The pact, announced during a joint news conference held at the end of a two-day meeting with South Korean President Moon Jae-in in Pyongyang, also includes plans for the countries to host the Summer Olympics in 2032.
"We have adopted a military agreement to end the history of tragic confrontation and the history of hostility once and for all and promised to aggressively work towards making the Korean Peninsula ... a land of peace that is freed from nuclear weapons and nuclear threats," he said while standing next to Moon.
Big questions hang over the announcement, and analysts warned against overestimating the significance of the agreement.
While the agreement marked the first time Kim specified his denuclearization intentions, it was unclear how exactly he would achieve that.
The shutdown of the Yongbyon facilities in the North would happen with expectations that the United States would honor reciprocal measures, Moon said.
Officials have said that an announcement from the United States as well as North and South Korea to formally end the Korean War would be chief among these measures.
North Korea has demanded a declaration formally ending the Korean War, but the conflict — which drew to a close with a 1953 armistice — isn't specifically mentioned in the agreement.
South Korea and the United States have also promised to stop large-scale joint military training on the peninsula, Moon said.
Other moves many in Washington have called for — including Pyongyang's commitment to provide a list of the North's nuclear facilities and a step-by-step timeline to allow international inspectors to assess the country's progress — were not in included in the pact.
While not at the meeting, Donald Trump presence's was felt at the proceedings. After starting his presidency trading insults with Kim and raising fears of open conflict, Trump went on to meet with Kim and oversaw a reduction in tensions.
Trump has maintained that he has a solid relationship with the North's leader, although a follow-up summit to their meeting in June in Singapore has yet to be announced.
Kim thanked Moon on Tuesday for launching the June summit with Trump.
"It's not too much to say that it's Moon's efforts that arranged a historic North Korea-U.S. summit. Because of that, the regional political situation has been stabilized and more progress on North Korea-U.S. ties is expected," Kim said, according to Pyongyang Press Corp's pool reports.
Moon responded by expressing his own thanks to Kim for making a "bold decision" in a New Year's speech to open a new era of detente and send a delegation to the South Korean Winter Olympics in February.
The statement, signed by the two countries' defense chiefs, also mentioned concrete moves aimed at reducing tensions on the Korean border.
A buffer zone along their land and sea borders would be established to reduce tensions and help prevent accidental clashes. They also agreed to withdraw 11 guard posts from the Demilitarized Zone by December and to establish a no-fly zone above the military demarcation line that bisects the Koreas that will apply to planes, helicopters and drones.
The two leaders also acknowledged the role of international officials, including from the United States, have played in advancing peace negotiations.
As a mediator, Moon can use the agreement to push forward discussions with Trump on U.S. relations with the North, which had been losing steam. A South Korean presidential official told NBC News that both Moon and Kim planned to meet with Trump next week during the U.N. General Assembly in New York.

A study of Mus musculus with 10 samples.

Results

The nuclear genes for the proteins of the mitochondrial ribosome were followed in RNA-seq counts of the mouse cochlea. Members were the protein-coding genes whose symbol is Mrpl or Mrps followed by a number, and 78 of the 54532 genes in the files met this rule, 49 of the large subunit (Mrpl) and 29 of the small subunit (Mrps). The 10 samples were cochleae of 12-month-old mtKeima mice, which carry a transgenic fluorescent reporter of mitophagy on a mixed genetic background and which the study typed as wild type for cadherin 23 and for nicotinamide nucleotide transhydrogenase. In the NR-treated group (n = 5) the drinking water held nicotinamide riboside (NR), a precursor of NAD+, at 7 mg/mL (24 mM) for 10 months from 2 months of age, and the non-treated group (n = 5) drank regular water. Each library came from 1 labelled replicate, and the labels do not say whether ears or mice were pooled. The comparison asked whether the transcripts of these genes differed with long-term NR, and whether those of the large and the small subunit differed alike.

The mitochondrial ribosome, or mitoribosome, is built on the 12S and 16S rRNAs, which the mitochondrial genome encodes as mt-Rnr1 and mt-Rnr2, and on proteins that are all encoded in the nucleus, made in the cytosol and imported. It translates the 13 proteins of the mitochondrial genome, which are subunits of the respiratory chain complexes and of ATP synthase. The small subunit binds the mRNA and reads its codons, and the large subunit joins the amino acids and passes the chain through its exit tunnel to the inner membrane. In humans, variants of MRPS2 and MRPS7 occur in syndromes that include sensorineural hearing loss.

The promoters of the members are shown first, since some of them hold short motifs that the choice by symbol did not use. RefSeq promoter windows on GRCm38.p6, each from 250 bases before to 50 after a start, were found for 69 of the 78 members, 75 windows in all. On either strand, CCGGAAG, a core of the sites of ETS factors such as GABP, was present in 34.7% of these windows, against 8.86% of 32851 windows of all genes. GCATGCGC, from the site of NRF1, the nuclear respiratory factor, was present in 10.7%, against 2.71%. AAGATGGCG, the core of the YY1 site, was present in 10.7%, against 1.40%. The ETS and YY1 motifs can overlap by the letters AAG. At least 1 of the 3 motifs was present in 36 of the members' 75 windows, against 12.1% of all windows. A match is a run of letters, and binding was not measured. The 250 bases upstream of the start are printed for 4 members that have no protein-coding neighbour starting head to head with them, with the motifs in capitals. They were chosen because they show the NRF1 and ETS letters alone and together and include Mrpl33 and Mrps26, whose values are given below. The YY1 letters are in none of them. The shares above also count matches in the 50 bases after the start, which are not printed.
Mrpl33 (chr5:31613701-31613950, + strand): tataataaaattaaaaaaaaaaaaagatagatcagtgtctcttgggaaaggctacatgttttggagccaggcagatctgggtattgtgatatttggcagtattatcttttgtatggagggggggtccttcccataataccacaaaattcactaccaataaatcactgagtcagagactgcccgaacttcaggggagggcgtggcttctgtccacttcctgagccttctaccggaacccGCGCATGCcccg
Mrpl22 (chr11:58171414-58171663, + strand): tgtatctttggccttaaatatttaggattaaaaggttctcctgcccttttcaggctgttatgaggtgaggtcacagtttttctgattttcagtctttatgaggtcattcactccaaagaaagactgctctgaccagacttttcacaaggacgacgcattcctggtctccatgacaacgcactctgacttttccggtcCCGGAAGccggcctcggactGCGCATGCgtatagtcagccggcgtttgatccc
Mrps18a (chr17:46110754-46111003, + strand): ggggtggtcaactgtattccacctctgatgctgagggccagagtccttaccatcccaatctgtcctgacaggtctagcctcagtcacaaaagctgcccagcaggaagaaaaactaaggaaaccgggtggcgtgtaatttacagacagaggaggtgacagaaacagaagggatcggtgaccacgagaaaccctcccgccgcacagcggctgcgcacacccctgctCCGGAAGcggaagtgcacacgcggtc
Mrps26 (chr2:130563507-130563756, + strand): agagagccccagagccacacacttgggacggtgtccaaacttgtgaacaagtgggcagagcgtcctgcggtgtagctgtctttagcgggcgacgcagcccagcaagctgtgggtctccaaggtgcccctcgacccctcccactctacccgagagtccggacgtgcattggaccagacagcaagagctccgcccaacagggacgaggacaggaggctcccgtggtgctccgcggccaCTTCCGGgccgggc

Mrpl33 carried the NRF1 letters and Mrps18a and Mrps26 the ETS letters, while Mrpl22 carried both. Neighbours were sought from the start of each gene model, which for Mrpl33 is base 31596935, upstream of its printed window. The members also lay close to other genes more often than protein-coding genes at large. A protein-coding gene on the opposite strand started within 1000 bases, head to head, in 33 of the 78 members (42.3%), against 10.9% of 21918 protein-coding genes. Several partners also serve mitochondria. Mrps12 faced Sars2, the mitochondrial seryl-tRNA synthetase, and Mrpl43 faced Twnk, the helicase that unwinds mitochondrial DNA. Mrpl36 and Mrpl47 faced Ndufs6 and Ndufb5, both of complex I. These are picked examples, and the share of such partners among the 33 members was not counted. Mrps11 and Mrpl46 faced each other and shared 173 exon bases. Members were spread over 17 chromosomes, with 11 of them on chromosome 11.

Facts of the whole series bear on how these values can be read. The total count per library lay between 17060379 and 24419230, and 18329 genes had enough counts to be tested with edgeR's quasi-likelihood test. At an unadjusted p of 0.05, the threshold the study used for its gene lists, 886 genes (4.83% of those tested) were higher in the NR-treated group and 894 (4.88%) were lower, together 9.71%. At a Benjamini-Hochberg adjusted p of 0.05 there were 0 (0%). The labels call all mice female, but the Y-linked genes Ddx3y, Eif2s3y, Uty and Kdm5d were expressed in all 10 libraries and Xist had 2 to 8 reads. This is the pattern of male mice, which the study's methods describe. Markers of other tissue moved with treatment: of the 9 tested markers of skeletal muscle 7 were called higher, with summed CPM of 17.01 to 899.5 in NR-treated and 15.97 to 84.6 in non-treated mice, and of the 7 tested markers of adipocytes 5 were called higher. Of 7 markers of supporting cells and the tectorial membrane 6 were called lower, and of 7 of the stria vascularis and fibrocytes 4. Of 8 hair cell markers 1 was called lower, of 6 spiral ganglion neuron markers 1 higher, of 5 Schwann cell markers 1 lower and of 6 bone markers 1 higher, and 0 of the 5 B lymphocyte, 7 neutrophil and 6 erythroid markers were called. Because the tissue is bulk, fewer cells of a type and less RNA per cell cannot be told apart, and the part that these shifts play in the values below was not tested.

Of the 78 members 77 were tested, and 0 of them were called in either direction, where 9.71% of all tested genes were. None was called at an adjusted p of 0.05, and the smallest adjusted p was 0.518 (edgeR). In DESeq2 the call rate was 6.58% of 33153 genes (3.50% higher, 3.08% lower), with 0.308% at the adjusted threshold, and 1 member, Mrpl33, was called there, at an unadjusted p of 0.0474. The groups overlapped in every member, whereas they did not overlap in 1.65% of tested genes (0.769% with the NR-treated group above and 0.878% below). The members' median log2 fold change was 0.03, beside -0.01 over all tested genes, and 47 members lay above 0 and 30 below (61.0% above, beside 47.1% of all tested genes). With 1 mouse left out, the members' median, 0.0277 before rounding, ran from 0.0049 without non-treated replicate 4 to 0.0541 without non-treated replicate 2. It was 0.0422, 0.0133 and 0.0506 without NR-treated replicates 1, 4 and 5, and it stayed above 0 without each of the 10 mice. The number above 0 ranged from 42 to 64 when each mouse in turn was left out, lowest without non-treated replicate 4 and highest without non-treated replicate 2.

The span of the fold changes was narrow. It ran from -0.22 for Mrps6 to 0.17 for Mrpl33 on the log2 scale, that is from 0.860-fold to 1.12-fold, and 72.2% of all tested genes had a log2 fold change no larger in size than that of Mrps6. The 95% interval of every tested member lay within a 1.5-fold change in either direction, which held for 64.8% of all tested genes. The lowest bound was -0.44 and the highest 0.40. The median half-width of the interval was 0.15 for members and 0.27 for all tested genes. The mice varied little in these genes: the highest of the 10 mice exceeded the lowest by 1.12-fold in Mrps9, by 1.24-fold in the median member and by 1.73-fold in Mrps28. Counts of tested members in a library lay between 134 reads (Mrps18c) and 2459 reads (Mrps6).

Sen. Lindsey Graham, R-S.C., issued a note of caution on Tuesday when he tweeted that South Korea's visit to the North would "undermine efforts" by U.S. officials working "to impose maximum pressure on the North Korean regime."
The North has not moved toward denuclearization despite stopping testing of missiles and nuclear devices, Graham said, adding: "South Korea should not be played by Kim Jong Un."
Analysts also warned against reading too much significance into the agreement and its impact on long-term negotiations with North Korea.
There is a disconnect between what the United States and North Koreans are demanding of each other, Moon Jung-in, an adviser to the South's president, told NBC News.
"President Trump wants the list of the nuclear weapons as of now in present tense, whereas Chairman Kim is talking about abandoning the future capabilities as in the future tense," he said. "Chairman Kim thinks that he is making progress in that score and expects President Trump to reciprocate. President Moon is trying to narrow the gap ... as the eventual goals are the same."
Mark Fitzpatrick, executive director of the International Institute for Strategic Studies Americas, said much of South Korea's "exuberance" from the meeting was based on discussions that are not in writing.
"We've seen what happens when deals w/ DPRK aren't specified in writing," he said on Twitter.
Robert Kelly, professor of international relations at Pusan National University in Busan, Korea, also warned that a peace agreement ending the war between the countries is still far off and that Wednesday's agreement is only "a baby step" to keep the United States engaged in negotiations.
"It's a benchmark for progress," he said. "The North Koreans are going to ask for a lot more before they give up nuclear and missiles."
Any future meetings between presidents are unlikely to produce significant advancements in the process because no party wants to appear as though it's backing down, especially during closely watched summits, Kelly said.
The agreement does help Kim improve his global image ahead of further meetings.
"This is good for him. It normalizes him. It makes him look like a real statesman. It makes him look like he's a real world leader," Kelly said.
Stella Kim reported from Seoul; Linda Givetash from London.